U.S. Sen. Ted Cruz says the health care overhaul signed into law by President Barack Obama will create mountains of paperwork.
In Senate floor remarks on July 30, the Texas Republican said: “According to federal agency estimates, Obamacare will add paperwork burdens totaling nearly 190 million hours or more every year. And … to put that in perspective, Mount Rushmore, which took 14 years to build, could be constructed 1,547 times with the paperwork.”
A Tennessee doctor asked us to investigate that claim. Does the Affordable Care Act of 2010 generate millions of hours of paperwork and how does it relate to the time needed to build Mount Rushmore?
Cruz spokeswoman Catherine Frazier directed us to the Obamacare Burden Tracker, an 18-page document issued in February 2013 by the Republican sides of three House committees. It uses paperwork burden estimates provided by six agencies — including the Department of Health and Human Services, the Department of Labor and the Social Security Administration — to conclude that the Obamacare law will result in 189,822,836 hours of paperwork a year, plus nearly 80 million once-only hours.
Frazier also pointed us to the National Park Service’s website, which says Mount Rushmore was built between Oct. 4, 1927, and Oct. 13, 1941, or a little more than 14 years.
Here is what we take to be the relevant math behind Cruz’s claim: The Burden Tracker’s 189,822,836 hours divided by 24 comes out to 7,909,284.83 days, equal to 21,669.27 years. Divide that by 14 and you find out that during 21,669.27 years, there are 1,547.8 spans of 14 years.
Let’s review the paperwork details, then tackle those mountains.
When we peeked, the Burden Tracker listed 174 separate Obamacare-related paperwork tasks, each one leading to online documentation intended to show the associated paperwork hours.
We found that federal agencies do expect the health care law to result in millions of hours of paperwork burdens, but our spot-checking also found millions of hours’ worth of miscalculations in the tracker.
For instance, the tracker overcounted 6.75 million hours it attributes to additional information that hospitals must report. A document from the federal Centers for Medicare and Medicaid Services says that increase stems partly from a section of the Obamacare law, but also partly from the 2005 Deficit Reduction Act. The document also says the 6.75 million hours hospitals spend reporting the information would save them 2.5 million hours they currently put toward giving the same information to accreditation groups.
The tracker also incorrectly counted a preliminary estimate that regulations regarding Medicaid eligibility would generate about 11 million hours of paperwork. Health and Human Services updated that figure in March 2012, predicting it would create more than 21 million hours of paperwork. The tracker lists both the original estimate plus the revised one.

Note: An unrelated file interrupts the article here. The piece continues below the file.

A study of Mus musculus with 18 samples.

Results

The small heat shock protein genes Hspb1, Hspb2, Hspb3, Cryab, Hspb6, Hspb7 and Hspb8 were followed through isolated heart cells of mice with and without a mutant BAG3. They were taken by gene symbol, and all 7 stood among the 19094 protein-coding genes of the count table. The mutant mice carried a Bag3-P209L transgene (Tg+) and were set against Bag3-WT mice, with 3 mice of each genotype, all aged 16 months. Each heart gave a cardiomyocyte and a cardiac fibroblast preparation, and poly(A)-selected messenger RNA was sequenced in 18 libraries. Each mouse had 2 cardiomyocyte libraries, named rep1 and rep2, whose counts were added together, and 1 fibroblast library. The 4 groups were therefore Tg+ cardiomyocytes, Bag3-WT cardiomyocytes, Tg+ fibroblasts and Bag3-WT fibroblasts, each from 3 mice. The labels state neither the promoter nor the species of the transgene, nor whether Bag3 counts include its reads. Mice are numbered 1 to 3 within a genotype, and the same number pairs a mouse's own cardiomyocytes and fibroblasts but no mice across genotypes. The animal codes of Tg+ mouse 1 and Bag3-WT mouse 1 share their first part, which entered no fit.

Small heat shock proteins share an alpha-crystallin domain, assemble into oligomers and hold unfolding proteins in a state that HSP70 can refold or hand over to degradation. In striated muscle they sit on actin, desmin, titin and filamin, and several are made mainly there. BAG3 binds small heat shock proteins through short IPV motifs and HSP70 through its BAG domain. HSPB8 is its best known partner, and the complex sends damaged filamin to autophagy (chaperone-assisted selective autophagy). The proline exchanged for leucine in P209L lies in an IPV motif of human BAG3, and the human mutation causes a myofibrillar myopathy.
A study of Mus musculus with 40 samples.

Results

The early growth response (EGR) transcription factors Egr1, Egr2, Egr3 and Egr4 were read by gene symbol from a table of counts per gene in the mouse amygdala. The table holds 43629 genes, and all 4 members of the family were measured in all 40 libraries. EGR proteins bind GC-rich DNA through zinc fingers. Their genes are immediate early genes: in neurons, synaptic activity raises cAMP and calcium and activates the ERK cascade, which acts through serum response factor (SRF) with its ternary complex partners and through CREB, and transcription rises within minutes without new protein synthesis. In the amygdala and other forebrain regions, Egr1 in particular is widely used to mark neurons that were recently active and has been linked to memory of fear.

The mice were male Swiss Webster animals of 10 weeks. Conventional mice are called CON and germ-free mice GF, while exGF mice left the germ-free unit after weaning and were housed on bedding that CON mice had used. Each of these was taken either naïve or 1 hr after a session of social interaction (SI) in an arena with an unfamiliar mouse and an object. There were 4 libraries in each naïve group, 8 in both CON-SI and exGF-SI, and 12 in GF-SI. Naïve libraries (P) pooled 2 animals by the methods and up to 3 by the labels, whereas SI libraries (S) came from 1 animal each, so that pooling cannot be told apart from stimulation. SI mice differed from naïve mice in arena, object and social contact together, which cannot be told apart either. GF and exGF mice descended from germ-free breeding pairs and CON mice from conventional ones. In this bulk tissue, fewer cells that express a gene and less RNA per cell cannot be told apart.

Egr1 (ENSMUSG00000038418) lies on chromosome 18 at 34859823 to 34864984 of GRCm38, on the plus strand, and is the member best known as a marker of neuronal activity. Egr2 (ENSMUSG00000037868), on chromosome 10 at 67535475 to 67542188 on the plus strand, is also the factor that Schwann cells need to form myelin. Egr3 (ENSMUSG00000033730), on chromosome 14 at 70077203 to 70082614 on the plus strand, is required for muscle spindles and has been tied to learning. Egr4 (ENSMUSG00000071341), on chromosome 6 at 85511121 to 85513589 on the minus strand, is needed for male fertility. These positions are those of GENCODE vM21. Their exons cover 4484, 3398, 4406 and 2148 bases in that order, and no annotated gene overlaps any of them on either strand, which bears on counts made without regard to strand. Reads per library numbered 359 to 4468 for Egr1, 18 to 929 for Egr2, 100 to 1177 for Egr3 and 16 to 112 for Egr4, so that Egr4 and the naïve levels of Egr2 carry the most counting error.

We noticed as well that some of the listed burdens —2,232,386 hours a year — are from a college student loan overhaul rolled into the health care law.
Admittedly, we devoted only a few days to looking over the tracker. Still, it looks like at least 57 million of the listed hours are factually unsupported or insufficiently documented.
When we turned to the second half of Cruz’s statement — that the time spent on Obamacare paperwork could be used to build Mount Rushmore 1,547 times — we spoke to the National Park Service’s Mount Rushmore spokeswoman Maureen McGee-Ballinger.
Cruz’s calculation uses the total number of hours in 14 years — 122,640. That assumes, in effect, that one person created Mount Rushmore by working around the clock for 14 years — or any other scenario getting to the hours’ total.
McGee-Ballinger said that there are no records of how many worker hours went into Mount Rushmore.
Lou Del Bianco, who has researched his grandfather Luigi Del Bianco’s role in carving Mount Rushmore, told us that some of the 400 people who built Mount Rushmore worked only for half a year while others stayed for all 14. Their hours varied greatly, he said, and they didn’t work for about four to six months during the cold winter.
Just to get a handle on how that might affect the numbers, we estimated the total hours if Mount Rushmore had been created by 400 people who each stuck with the project for 12 years, working 40 hours a week (which became the federal standard in 1938) for 32 weeks per year, or about eight months.
We got 6,144,000 hours, which means they could build 30 Mount Rushmores in the Burden Tracker’s 189.8 million hours.
Our ruling: Cruz said the Affordable Care Act would “add paperwork burdens totaling nearly 190 million hours or more every year.” He went on to say that Mount Rushmore could be built 1,547 times over “with the paperwork.”
Based on the 190 million figure, that mount count is ridiculously off, premised on the notion that one person carved the monument around the clock for 14 years.
And about the 190 million hours: The landmark law indeed appears responsible for creating a large amount, at least 75 million hours, of additional paperwork, based on estimates by federal agencies. However, that total is less than half Cruz’s declared number. The tracker that Cruz relied upon has unexplained holes, miscalculates some burdens and folds in paperwork associated with non-health-care programs such as student loan changes.
Cruz’s statement contains an element of truth — that the health care law will generate many millions of hours of paperwork — but his math is off. We rate it Mostly False.
Statement: Obamacare-caused paperwork will annually absorb 190 million hours or more — and Mount Rushmore could be built 1,547 times over “with the paperwork.”